McMurdo’s “Happy Feet”
YES! Happy feet around McMurdo Station…and I’m not just talking about the penguins! I’m talking about the people being so happy to see the penguins! That was last night. And, it’s a nice day here today. The ski-equipped LC-130 Hercules aircraft just took off for our deep field camp. People who flew today are getting settled in and are ready to work on preparing for drilling operations. WISSARD’s are doing a little happy dance, just like the Adelie penguins!
I hiked to Hut Point last night, on my way to see Robert Scott’s Discovery Hut. What I saw instead….lots and lots of Adelie penguins! These are the first ones I’ve seen up close on this trip to Antarctica. On my past two trips I’ve seen thousands….at Cape Royds, Cape Bird, and Cape Crozier. Those are the big rookery areas on the coast of Ross Island.
There’s open water out by Hut Point now; it’s so beautiful. Today’s post is going to be mostly photos and videos of penguins, and a few other fun shots. It’s a day for visual learning!
Open water means the penguins can get closer to McMurdo Station!
Can you see the group of penguins out by the ice edge? Don’t worry, I’ll get you closer to them…keep reading and looking!
Adelies started popping out of the water like small torpedoes; what a sight to see! I was pretty excited and couldn’t hold the camera steady at one point! Watch how they move around on the ice and snow.
Small clusters of Adelies waddled to and fro, dropping down on their bellies to toboggan. They can move pretty fast when waddling, but even faster when they slide along tobogganing on the ice.
Excitement kept building as the penguins got closer and closer, and before we knew it, they were waddling their way toward us on land!
We were just below Scott’s hut, and enjoying the curious penguins…coming to check us out! We were just as curious about them as they were about us!
Animals here are protected by law, and that means we can’t approach them, especially if it changes their behavior. No worries, with penguins they usually come up to the people because of their curiosity. Their predators are all in the water. We just stayed put and they circled around us. Everyone was snapping pictures like crazy. I had three cameras going…my Go Pro video camera, my small point and shoot camera and a large camera with a telephoto lens. It was a lot to keep track of.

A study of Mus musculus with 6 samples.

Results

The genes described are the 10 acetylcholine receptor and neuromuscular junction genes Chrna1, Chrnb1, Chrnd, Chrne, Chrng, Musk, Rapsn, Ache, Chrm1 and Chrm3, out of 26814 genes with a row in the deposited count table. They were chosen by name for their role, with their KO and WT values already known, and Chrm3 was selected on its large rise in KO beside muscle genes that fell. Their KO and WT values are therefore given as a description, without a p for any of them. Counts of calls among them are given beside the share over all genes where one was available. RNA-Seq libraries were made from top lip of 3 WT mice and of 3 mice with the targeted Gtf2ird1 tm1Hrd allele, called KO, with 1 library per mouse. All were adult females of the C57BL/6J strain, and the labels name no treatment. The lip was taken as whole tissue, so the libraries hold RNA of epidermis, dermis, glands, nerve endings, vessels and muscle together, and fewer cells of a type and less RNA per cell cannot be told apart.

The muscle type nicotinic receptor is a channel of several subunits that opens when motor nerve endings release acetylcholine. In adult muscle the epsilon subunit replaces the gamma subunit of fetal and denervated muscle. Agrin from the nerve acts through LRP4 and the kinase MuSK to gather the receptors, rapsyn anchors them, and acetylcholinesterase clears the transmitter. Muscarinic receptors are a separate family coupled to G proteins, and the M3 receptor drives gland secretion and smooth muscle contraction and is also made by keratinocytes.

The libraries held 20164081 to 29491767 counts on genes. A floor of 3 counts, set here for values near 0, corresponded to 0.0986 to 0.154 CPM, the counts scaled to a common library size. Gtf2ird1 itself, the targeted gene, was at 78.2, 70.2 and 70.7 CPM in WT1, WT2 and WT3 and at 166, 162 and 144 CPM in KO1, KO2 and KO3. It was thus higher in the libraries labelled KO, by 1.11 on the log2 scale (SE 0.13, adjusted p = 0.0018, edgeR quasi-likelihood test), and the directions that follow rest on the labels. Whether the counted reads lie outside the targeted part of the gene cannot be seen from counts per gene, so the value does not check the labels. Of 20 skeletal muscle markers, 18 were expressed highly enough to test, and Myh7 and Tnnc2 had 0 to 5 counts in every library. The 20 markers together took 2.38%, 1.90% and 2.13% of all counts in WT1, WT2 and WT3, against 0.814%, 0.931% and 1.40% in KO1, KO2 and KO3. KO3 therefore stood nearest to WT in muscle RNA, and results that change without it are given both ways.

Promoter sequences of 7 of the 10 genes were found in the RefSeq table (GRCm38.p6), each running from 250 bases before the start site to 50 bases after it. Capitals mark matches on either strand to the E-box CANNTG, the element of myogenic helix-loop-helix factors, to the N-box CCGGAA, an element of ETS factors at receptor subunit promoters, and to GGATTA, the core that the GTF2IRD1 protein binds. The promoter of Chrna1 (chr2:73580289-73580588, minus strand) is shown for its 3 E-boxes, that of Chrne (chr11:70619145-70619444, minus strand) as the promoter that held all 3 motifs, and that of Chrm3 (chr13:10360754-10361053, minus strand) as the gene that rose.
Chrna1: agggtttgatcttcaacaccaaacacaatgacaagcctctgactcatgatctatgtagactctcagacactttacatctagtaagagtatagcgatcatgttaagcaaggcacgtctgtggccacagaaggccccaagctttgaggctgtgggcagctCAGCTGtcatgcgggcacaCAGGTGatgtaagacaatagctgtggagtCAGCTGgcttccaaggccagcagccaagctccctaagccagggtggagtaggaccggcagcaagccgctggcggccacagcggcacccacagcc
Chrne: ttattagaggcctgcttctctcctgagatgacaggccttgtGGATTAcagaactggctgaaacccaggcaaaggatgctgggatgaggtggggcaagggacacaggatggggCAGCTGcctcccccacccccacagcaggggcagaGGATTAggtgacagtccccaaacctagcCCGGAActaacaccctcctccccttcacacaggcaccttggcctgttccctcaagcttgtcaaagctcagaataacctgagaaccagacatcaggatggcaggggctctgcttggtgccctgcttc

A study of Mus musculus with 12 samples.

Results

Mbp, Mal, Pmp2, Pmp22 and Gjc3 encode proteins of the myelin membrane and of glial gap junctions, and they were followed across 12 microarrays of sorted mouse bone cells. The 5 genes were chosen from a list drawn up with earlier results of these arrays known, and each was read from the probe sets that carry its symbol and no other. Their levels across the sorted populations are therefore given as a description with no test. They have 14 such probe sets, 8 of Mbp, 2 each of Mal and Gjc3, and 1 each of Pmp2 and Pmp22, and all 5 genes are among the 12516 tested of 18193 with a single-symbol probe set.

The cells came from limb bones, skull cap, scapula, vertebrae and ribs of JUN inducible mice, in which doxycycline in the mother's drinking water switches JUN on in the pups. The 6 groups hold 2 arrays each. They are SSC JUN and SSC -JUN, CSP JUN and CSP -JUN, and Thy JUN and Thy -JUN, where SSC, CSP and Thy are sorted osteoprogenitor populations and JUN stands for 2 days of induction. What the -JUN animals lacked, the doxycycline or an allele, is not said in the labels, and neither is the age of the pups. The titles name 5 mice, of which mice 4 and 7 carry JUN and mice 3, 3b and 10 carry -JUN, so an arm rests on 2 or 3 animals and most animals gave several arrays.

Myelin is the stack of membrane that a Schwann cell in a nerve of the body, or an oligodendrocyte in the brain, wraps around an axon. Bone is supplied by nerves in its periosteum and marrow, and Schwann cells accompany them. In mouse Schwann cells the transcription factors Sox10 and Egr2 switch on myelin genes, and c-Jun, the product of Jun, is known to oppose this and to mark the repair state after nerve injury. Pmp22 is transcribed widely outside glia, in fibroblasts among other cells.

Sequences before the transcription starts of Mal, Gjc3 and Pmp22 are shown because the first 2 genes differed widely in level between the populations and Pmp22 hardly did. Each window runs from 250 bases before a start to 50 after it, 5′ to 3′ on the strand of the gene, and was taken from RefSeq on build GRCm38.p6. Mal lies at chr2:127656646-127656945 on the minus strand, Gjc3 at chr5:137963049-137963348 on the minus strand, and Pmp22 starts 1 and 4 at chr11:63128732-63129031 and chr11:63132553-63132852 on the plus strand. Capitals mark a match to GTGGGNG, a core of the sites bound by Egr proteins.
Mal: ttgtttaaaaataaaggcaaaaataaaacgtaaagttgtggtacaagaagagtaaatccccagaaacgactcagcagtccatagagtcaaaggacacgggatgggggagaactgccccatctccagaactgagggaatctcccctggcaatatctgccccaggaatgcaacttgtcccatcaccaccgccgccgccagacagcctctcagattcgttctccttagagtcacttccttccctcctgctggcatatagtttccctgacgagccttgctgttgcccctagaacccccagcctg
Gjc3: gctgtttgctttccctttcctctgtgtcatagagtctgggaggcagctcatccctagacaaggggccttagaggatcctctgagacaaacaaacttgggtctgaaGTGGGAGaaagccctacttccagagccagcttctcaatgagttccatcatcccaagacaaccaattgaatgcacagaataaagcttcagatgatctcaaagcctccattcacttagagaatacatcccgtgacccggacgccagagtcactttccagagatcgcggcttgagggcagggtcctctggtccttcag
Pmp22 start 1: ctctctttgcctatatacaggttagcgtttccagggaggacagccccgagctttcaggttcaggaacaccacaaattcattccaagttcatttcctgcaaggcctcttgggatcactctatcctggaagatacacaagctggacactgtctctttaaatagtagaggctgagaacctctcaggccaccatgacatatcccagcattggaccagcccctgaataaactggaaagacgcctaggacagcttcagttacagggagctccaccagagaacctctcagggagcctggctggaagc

I’m going to let you enjoy a whole lot of FUN photographs of Adelies. I’ll write a few things here and there, and at the end I have a few other fun photos.
Seeing any animal in its natural habitat is such a treat. Whether I’m in Rocky Mountain National Park (one of my favorite places to hike) watching pikas romp in the rocks on the tundra, in Olympic National Park wading in tidepools to see the sea anemones and sea urchins, or here in Antarctica observing penguins as they waddle and slide…it’s all fantastic and an incredible learning experience.
Notice the footprints in the photo below and the little marks on the side where penguins used their wings as flippers to help guide them through the snow in the second photo! Penguins push off with their feet with lots of power. You can tell by the tracks whether they were standing up and waddling, or laying down and tobogganing.
This little guy is trying to make a decision about which way to go.
Look at how neatly those three penguins are arranged in a row.
The Adelies were definitely curious about us.
They moved remarkably fast on land, but looked more comfortable on the ice and snow where they could drop down on their bellies and slide.
A peaceful view of McMurdo Sound and the Transantarctic Mountains…
The light and scenery across the sound tonight were beautiful.
I love this series of photos coming up. It gives you an idea of how the Adelies move along the ice and snow.
Can you see how frosty their wings look after the penguin plows through the snow?
I love this shot below with the snow flying into the air!
This little guy was trying to figure out where to go to enter the water. He paced back and forth a couple of times before making his decision.
He made the plunge!
The only evidence that he had been there…some circular ripples in the open water.
Perhaps he’s joining this group swimming off in the distance. They headed for the other side of the open water and popped out onto the ice.
Meanwhile, a couple of stragglers were squawking loudly…trying to locate a friend.
They paired up and here is the sequence of events.
Pretty soon all of the Adelies were back in the water again. It’s awesome how they glide through the water and leap out like dolphins to catch their breath. I absolutely loved watching them swim and frolic in the water and on the ice. Here is the last little guy, taking a dive into the icy cold water of McMurdo Sound.
What a lovely night, looking out over the ice and water to the mountains in the distance. Magical!
The patterns of the ice are quite interesting.
I hiked back to my dorm, up the hill from Hut Point. Stopping to gaze back at where I had been, this was what I saw. I can only imagine the early explorers like Robert Scott, who came to this very same place over 100 years ago. Did they see Adelies at their hut on the point? Maybe they stood in the very same spot, watching the penguins run along the ice and snow. I hope so.
I wanted to include these two photos for my students and friends at Husmann Elementary School, where I teach 4th grade.
This little geobear (geography bear) has traveled with me for the past two months.
Another day comes to a close here at McMurdo Station. What a great night it was…filled with the joy of penguins and their antics on the ice. For more information on Adelie penguins, please see my blog post for December 9th. I’ll leave you with one more video clip, taken with the Go Pro camera. I like the way this camera gives everything a rounded look. Enjoy, and I’ll be back with you again tomorrow.